US federal procurement law is derived from two statutes: the Federal Property and Administrative Services Act of 1949 and the Armed Services Procurement Act of 1947. These statutes consolidated and organized a number of individual procurement laws. They also served as the basis for two sets of federal regulations addressing procurement law, the Federal Procurement Regulations (FPR) and the Armed Services Procurement Regulations (ASPR). The FPR provided for general oversight of governmental agencies and their contractors, while the ASPR dealt exclusively with military procurement. Together, the FPR and the ASPR were an enormous, multi-volume collection of public procurement law guidelines which contained many exceptions and alternate procedures.
Congress addressed the problems with the FPR and ASPR in 1979 with the passage of the Office of Federal Procurement Policy Act Amendments. These amendments required the federal government to develop a single simplified set of procurement regulations to cover all government agencies including the military. In response to this directive, the Federal Acquisition Regulations (FAR) were created and are set forth in Title 48 of the Code of Federal Regulations. FAR does not change existing law but does communicate it in a clearer, much simpler fashion. As such, the regulations are arranged by subject matter and the contradictory language has been removed.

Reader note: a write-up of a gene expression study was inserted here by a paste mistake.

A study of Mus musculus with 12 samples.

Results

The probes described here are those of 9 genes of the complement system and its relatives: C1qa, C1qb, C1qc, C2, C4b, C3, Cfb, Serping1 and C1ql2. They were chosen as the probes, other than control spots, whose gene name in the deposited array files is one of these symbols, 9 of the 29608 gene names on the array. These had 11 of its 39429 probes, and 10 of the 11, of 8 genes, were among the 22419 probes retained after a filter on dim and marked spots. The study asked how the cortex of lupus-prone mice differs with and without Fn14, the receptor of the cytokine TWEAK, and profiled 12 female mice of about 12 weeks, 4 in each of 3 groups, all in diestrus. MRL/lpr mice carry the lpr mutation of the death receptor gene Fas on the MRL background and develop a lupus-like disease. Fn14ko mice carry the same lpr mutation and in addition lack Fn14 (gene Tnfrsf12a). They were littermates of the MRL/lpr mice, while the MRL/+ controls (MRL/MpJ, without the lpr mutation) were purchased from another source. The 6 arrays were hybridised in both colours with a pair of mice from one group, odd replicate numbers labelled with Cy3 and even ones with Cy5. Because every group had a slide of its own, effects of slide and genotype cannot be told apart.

FAR is central to US federal procurement law. Its individual sections are updated regularly by the designated federal department. Changes to FAR, brought about by changes in actual federal legislation, are announced in Federal Acquisition Circulars.
State procurement law and local procurement ordinances operate under a similar system as the federal government. They are not as complex, however, and usually require fewer procedures. Nonetheless, state statutes, regulations, and local ordinances help to remove fraud, waste and corruption from public procurement transactions.
Internationally, the key procurement law is the World Trade Organization’s Agreement on Government Procurement. This treaty is necessary because government procurement plays a significant role in the global economy. Government procurement represents at least 20% of the GDP amongst developed nations.
Certification and advanced training in procurement law is available through the National Institute of Governmental Purchasing. Courses are also available through the Federal Acquisition Institute. There is a graduate LLM program for the procurement lawyer at The George Washington University Law School.